No Cash, No Legal Prayer
by Leeanne Rebic Hay
(Dallas, Texas )
(Excerpt published in the Dallas Morning News, 02-27-2010)
I really have to chuckle when all these “economists” spout their platitudes about how a “down economy” is a great time to start a small business. In my last column I talked about the government abandoning the small business person. Now I’m going to share with you how small business gets beaten down by dishonest employees and the judicial system. Get a cup of coffee…
While visiting a friend at the Collin County Courthouse in McKinney, I stopped by a courtroom to listen to the goings on. The trial that day in the courtroom was ‘the punishment phase’ after a guilty verdict. What I heard and saw broke my heart – the “murder” of a small business.
Before the judge stood the victim, Joe**, who was about 60 years-old. He was clasping a sheet of paper as he faced, Dick**, 30, who had been found guilty of embezzling over $200,000 from Joe’s family business. Before the judge pronounced the sentence, Joe got to read a victim’s impact statement to the court. Despite providing Dick with a salary and many benefits, Dick stole the money meant to pay Joe’s suppliers. The devastation to Dick’s business was permanent, and even though Joe would go to jail, the money was gone.
Although not on the same scale, there was an experience my company would unfortunately have with a dishonest employee. We never thought that the civil legal system would work against us, too.
The reality of filing a lawsuit is this - being legally and morally right is useless if you don’t have the cash to burn to see it through to trial. And remember, lawyers and experts, like professional athletes, get paid whether they win or lose – and almost as much.
Along with the losses incurred from a dishonest employee, the costs to seek redress can be prohibitively expensive to a small business. According to Dawn Estes, partner in the firm of Taber, Estes, Thorne, and Carr, “Client costs can escalate well over $100,000 to bring a case to court for violation of trade secrets, Theft Liability, and other civil court issues. And even then, there is no guarantee a judge or jury will rule in your favor or provide full restitution.” A forensic examination of a laptop computer starts at $5000 to $25,000. Erin Nealy Cox, managing director of the Dallas office of Stroz-Friedberg, an electronic forensics company, states that, “Most clients’ information is recoverable with our state-of-the-art diagnostics.” And she adds, “The quality control protocols we use are expensive because of the strict adherence to best practices.” How many small businesses do you know can take that much cash out of their operating budget for a gamble?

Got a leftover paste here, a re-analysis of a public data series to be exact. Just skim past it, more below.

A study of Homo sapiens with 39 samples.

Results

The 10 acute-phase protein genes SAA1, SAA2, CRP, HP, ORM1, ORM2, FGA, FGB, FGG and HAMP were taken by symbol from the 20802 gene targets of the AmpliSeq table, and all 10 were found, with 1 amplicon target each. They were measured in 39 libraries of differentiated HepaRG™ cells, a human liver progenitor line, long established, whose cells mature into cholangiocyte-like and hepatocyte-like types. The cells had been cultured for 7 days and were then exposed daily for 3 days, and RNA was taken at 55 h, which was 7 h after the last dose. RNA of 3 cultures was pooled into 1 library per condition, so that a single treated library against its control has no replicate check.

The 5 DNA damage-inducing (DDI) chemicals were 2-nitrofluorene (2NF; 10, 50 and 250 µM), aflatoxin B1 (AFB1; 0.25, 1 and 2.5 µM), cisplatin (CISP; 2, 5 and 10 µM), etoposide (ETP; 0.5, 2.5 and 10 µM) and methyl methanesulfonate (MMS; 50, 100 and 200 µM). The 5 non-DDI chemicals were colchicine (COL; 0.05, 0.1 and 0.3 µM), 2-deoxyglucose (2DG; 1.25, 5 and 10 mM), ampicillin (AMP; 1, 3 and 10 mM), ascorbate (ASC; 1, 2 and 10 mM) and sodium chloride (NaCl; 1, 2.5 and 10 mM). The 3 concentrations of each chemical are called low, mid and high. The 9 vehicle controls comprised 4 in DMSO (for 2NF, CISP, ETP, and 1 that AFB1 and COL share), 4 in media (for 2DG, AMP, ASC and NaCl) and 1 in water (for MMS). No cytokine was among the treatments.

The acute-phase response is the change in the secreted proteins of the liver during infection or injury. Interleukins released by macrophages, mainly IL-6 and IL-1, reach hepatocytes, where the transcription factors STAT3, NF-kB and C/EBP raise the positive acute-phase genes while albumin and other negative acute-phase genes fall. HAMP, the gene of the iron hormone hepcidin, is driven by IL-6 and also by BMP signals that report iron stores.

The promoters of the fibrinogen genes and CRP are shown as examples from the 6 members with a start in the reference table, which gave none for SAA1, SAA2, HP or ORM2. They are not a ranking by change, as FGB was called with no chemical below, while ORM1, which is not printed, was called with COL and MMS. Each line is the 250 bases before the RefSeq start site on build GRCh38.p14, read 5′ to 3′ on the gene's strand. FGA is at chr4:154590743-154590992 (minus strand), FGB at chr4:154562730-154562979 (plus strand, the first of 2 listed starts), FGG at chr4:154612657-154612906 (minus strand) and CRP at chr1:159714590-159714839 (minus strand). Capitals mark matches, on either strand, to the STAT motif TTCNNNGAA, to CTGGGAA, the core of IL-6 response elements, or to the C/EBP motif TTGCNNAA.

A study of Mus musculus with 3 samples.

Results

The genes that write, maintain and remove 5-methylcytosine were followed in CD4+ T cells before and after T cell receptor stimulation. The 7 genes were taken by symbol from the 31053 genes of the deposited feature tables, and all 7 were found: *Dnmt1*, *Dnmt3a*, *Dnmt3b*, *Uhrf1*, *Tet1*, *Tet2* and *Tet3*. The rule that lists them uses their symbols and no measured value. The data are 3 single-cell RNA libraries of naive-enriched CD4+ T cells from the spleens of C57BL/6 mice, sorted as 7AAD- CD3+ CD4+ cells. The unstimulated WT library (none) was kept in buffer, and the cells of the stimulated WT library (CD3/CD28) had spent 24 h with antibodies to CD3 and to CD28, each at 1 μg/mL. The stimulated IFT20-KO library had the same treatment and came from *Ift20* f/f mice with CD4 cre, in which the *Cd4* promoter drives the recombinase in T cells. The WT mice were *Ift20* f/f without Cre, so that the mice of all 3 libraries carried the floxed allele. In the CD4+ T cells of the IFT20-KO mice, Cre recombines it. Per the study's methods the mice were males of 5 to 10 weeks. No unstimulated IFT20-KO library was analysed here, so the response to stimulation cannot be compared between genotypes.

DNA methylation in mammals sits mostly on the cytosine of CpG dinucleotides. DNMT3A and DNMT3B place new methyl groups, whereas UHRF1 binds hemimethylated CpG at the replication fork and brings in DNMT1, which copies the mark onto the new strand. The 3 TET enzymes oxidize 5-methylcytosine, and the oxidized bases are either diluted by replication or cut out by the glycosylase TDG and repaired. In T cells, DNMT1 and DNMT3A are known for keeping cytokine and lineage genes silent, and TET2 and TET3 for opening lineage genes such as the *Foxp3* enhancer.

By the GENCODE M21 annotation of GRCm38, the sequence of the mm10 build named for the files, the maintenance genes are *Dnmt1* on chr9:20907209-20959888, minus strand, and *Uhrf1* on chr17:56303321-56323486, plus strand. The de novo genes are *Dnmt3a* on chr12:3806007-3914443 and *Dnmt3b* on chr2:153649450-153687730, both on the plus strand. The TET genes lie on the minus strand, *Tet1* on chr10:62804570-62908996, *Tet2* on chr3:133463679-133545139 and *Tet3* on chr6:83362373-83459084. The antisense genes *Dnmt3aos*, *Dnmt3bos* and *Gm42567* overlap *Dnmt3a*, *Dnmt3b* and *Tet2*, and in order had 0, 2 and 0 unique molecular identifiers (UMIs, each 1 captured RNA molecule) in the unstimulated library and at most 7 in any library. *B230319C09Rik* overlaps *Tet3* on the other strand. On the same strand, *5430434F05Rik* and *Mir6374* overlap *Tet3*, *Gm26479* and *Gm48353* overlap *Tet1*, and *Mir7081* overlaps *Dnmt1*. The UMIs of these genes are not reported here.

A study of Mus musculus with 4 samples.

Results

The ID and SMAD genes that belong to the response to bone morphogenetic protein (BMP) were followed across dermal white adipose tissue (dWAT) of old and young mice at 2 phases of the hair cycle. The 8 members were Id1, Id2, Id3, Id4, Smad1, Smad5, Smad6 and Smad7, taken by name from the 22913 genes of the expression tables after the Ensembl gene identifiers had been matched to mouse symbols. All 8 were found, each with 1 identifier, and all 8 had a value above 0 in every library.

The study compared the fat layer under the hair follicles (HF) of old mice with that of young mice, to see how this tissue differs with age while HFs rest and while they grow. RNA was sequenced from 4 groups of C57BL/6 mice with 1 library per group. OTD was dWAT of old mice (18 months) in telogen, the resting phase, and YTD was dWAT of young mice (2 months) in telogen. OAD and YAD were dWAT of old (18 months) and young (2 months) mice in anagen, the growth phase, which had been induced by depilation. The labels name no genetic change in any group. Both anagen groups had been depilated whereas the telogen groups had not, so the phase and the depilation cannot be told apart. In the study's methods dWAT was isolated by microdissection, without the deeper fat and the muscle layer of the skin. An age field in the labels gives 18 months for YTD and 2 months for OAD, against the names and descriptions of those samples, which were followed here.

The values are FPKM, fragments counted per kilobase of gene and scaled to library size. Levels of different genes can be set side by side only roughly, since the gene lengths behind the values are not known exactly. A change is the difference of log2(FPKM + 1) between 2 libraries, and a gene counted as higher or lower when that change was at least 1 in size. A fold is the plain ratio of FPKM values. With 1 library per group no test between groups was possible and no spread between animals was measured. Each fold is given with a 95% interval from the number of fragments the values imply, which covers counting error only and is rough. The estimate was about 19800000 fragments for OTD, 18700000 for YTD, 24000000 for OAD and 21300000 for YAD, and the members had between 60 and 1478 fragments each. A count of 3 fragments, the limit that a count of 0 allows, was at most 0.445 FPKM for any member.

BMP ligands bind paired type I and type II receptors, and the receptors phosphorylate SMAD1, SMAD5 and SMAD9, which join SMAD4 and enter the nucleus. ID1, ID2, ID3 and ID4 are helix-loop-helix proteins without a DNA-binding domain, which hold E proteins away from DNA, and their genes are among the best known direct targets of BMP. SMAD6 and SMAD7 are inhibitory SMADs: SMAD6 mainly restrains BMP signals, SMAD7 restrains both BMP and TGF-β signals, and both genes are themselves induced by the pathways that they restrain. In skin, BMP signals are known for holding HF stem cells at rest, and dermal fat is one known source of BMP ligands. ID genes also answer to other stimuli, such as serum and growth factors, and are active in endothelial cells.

In our case, after an ex- employee (call him ‘Little Dick’) resigned, we began uncovering his misdeeds. From people coming forward about his attempt to steal equipment, theft of jobs already quoted, to his forwarding his company cell phone to his new employer’s phone, it was clear he was attempting “assault and battery” on our company. His company assigned laptop would confirm even more.
In the course of wanting to be a good, albeit small, corporate citizen, we sent a Cease and Desist letter to his new employer, “Artic Service Systems” (‘A.S.S.’) – a big company, who did nothing. So, after 4 weeks, we filed a lawsuit – because our attorney assured us that “you have a case here.”
Over a year passed, and the case still wasn’t settled. Then, we had an epiphany - and dropped it. You may wonder why.
I could not control what others would do, but I did have a flotilla of damning evidence that certain authorities found of value. And, many corporate organizations have compliance departments who are very appreciative to learn about any of their employees who collude with a vendor representative in violation of company policies. Also providing evidence uncovered to the local police department and, for antitrust concerns, the US Department of Justice (http://www.justice.gov/atr/contact/newcase.htm), may turn up something they want to pursue with their funds, and a little poetic justice to boot.
We would never recover lost business or customers, but with process improvements implemented, we would still get new ones (and have). All employees now sign confidentiality agreements, and we have a GPS tracking system in place. Then, we left the rest to God.
** Names of people and companies have been changed to protect me from getting sued.